Cape Town and general environs


 

We stayed a couple of nights at a sleepy town called Langebaan, situated on the lagoon by Saldanha Bay. We went mostly to have a New Year's Eve dinner at Die Strandloper, a restaurant literally on the beach. It's an all-you-can-eat affair (except for the crayfish) and while they do have a bar you can BYO all your drinks for no corkage fee. The menu is generally the same whenever you go--we just got champagne as part of the NYE package.

 

--Homemade bread baked in their bread oven, with butter and jam

--Steamed mussels and shelled mussel stew with garlic

--Braai'd (grilled) harders, which are like sardines

--Fish curry and garlic bread

--Braai'd snoek with potatoes, "patats" (like turnips), and rolls cooked on the braai. Snoek is a uniquely Western Cape fish that's similar to a mackerel--more here

--Lamb and waterblommetjies bredie (stew). I know it may be unusual to have lamb stew at a seafood restaurant, but the main ingredient really isn't the meat but rather the waterblommetjies, an aquatic plant that's also only really found in the Cape.

--Braai'd Hottentots (a type of sea bream) and smoked angelfish (Atlantic pomfret)

--Half a crayfish. These are local crayfish which are harder and harder to get these days. They're smaller than lobsters but much larger than Louisiana "crawfish"

--Strong coffee brewed on the fire, rooibos tea, and koeksisters (fried dough braids soaked in sugar syrup)

 

The only drawback is that all of this is cooked over wood fires, so you and your clothes are completely infused with wood smoke by the end.


 

Biesmiellah started out in a private house and has now fully taken over its corner building, with an associated takeaway on one side of the restaurant and a butcher shop on the other. When we went, the clientele was split between locals and tourists. It's strictly halal and no alcohol is served.

 

We had a couple of mince samoosas to start. Samoosas are served all over the country and are smaller and use thinner pastry than the samosas we get here. These were a couple of bites each & were priced accordingly. For our mains, I had the kingklip curry and N had denningvleis; the latter is a lamb stew/curry that is very hard to find outside the Cape (a good recipe can be found here). Kingklip is a local, firm white fish. Both dishes came with rice and freshly baked rotis; the latter were hot and a little flaky and I think were the best rotis I'd ever had. Each dish had the mixture of spice/heat, sweet, and sour that Cape Malay cuisine is known for. Dessert was a simple tapioca pudding topped with stewed fruit.

 

The service was generally efficient by South African standards, though it took nearly 25 minutes for dessert to arrive. If you're in Cape Town, I highly recommend going. Bo-Kaap is right by the city center and is easy to get to by car.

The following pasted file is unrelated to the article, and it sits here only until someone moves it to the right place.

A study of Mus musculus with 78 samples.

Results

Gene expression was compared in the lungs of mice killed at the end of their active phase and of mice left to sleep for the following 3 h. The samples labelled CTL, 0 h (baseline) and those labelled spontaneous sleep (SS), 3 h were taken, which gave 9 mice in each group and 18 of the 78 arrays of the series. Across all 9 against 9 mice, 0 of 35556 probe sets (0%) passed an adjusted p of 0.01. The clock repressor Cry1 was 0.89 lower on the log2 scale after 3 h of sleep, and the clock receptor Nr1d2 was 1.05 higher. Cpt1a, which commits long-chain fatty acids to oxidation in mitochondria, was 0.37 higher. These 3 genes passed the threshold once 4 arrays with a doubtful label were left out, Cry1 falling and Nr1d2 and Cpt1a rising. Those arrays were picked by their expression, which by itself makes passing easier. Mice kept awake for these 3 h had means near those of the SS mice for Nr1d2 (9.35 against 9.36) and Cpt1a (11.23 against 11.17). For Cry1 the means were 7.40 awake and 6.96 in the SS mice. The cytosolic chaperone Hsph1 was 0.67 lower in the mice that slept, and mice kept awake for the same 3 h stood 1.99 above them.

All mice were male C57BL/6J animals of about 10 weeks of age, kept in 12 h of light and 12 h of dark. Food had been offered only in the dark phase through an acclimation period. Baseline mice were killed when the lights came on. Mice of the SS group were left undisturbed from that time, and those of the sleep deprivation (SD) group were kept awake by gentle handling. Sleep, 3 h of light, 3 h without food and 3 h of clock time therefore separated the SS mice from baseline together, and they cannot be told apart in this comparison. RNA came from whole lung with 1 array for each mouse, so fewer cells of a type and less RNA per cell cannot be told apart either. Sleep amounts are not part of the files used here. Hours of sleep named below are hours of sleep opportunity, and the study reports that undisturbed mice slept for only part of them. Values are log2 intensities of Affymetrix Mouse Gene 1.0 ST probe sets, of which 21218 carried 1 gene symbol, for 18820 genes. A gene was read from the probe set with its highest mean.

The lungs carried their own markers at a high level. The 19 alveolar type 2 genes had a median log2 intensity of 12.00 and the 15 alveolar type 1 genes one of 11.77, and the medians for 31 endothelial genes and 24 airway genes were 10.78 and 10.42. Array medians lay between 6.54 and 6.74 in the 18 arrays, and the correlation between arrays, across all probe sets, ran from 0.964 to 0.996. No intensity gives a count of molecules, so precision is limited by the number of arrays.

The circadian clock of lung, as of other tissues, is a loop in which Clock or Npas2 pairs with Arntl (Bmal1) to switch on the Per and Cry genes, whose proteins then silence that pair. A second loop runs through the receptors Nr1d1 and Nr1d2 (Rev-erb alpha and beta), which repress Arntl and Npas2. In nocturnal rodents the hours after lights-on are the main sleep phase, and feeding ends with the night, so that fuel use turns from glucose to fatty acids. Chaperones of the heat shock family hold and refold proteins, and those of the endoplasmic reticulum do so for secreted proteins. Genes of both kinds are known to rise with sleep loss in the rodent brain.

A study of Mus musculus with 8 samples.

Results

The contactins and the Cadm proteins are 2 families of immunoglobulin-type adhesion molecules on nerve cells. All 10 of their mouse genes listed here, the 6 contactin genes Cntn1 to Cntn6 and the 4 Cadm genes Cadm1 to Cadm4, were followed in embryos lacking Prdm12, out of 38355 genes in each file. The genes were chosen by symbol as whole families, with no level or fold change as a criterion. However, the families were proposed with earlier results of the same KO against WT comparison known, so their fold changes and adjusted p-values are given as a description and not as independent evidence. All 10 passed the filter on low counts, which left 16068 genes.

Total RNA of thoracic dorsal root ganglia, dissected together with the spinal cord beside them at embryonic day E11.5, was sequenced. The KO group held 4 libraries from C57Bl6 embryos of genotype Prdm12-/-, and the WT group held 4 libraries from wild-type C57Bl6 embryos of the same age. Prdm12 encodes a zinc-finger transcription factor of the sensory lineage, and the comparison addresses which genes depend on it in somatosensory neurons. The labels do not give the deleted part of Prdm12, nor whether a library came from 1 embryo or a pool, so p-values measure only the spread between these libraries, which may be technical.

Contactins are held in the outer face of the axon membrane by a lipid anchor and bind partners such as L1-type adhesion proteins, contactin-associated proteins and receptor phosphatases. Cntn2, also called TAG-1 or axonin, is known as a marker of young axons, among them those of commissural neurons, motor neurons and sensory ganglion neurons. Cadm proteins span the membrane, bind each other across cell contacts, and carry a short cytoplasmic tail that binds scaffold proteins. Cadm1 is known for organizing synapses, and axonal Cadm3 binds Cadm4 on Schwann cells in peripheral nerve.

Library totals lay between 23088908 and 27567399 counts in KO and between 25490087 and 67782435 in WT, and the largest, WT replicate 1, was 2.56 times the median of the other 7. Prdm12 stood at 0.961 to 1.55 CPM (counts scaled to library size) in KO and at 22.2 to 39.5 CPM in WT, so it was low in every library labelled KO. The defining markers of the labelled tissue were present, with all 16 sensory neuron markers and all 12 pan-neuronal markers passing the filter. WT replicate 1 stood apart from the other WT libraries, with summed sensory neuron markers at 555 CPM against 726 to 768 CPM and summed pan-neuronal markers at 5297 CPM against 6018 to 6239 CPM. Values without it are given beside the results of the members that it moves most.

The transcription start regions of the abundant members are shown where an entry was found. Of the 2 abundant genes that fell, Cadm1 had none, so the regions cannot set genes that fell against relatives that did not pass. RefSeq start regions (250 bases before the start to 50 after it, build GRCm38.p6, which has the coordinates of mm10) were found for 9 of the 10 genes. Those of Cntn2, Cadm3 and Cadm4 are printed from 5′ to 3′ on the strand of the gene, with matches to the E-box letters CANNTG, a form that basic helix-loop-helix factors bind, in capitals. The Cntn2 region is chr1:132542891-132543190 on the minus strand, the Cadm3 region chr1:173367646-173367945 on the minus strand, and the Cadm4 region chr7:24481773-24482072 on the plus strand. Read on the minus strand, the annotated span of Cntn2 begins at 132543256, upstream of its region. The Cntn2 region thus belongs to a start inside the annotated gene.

Sample menu


 

While it's true that it's warm there year-round, the author of the article doesn't mention that it gets brutally hot and humid in January/February, during the middle of their summer.


 

I also found the one hipster wine bar in town - Publik. Highly recommended for the opportunity to taste some ZA wines that actually taste good. Can't tell you how many times in the trip I had insanely bad modern wines that werent cheap. I did a lot of switching to beer after a polite first glass. Let me be clear. A lot of ZA wine is undrinkable. But these guys had some nice things. I guess Swartland is where all the cool kids are producing these day - and i just saw a mailing from Chambers touting something from there. Again insanely cheap. Three glasses of wine for less than ten bucks.

 

With the ZAR at 16 pretty much everything is insanely cheap.

 

Service is generally hysterically bad but whatever.

 

Capetown was beautiful but i just couldnt get any time to explore. When I got home yesterday i looked at flights for the family at thanksgiving but from NYC it's almost 20 hours of travel with a flight change which is just pushing it with the kinder.


 

It is genuinely hard to comprehend how cheap the food and wine is and how high the quality of the food and service was. I kept doing math in my head: is that dish really only the equivalent of $8? At FYN I think there was a caviar supplement of $7. A number of fish I had never heard of including Kingklip and Yellowtail Kingfish were exemplary. Lots of head on shrimp/prawns that were literally finger licking good.

 

Dish of the week was probably from Overture. Ceviche served at the bottom of an avocado shell covered with an avocado puree so smooth that the word silk doesn't do it justice.

 

I'm not as sophisticated as others here with wine but I thought most everything we drank was quite good, and inexpensive. Can't remember the last time I was in a real restaurant in the US and saw so many bottles of wine priced around $20. We found the service to be excellent as well. Wish it was closer......


 

I agree though Kingklip is pretty delicious. It's a weird fish.


 

Bonner, did you get to have any snoek?  Now that's an interesting fish.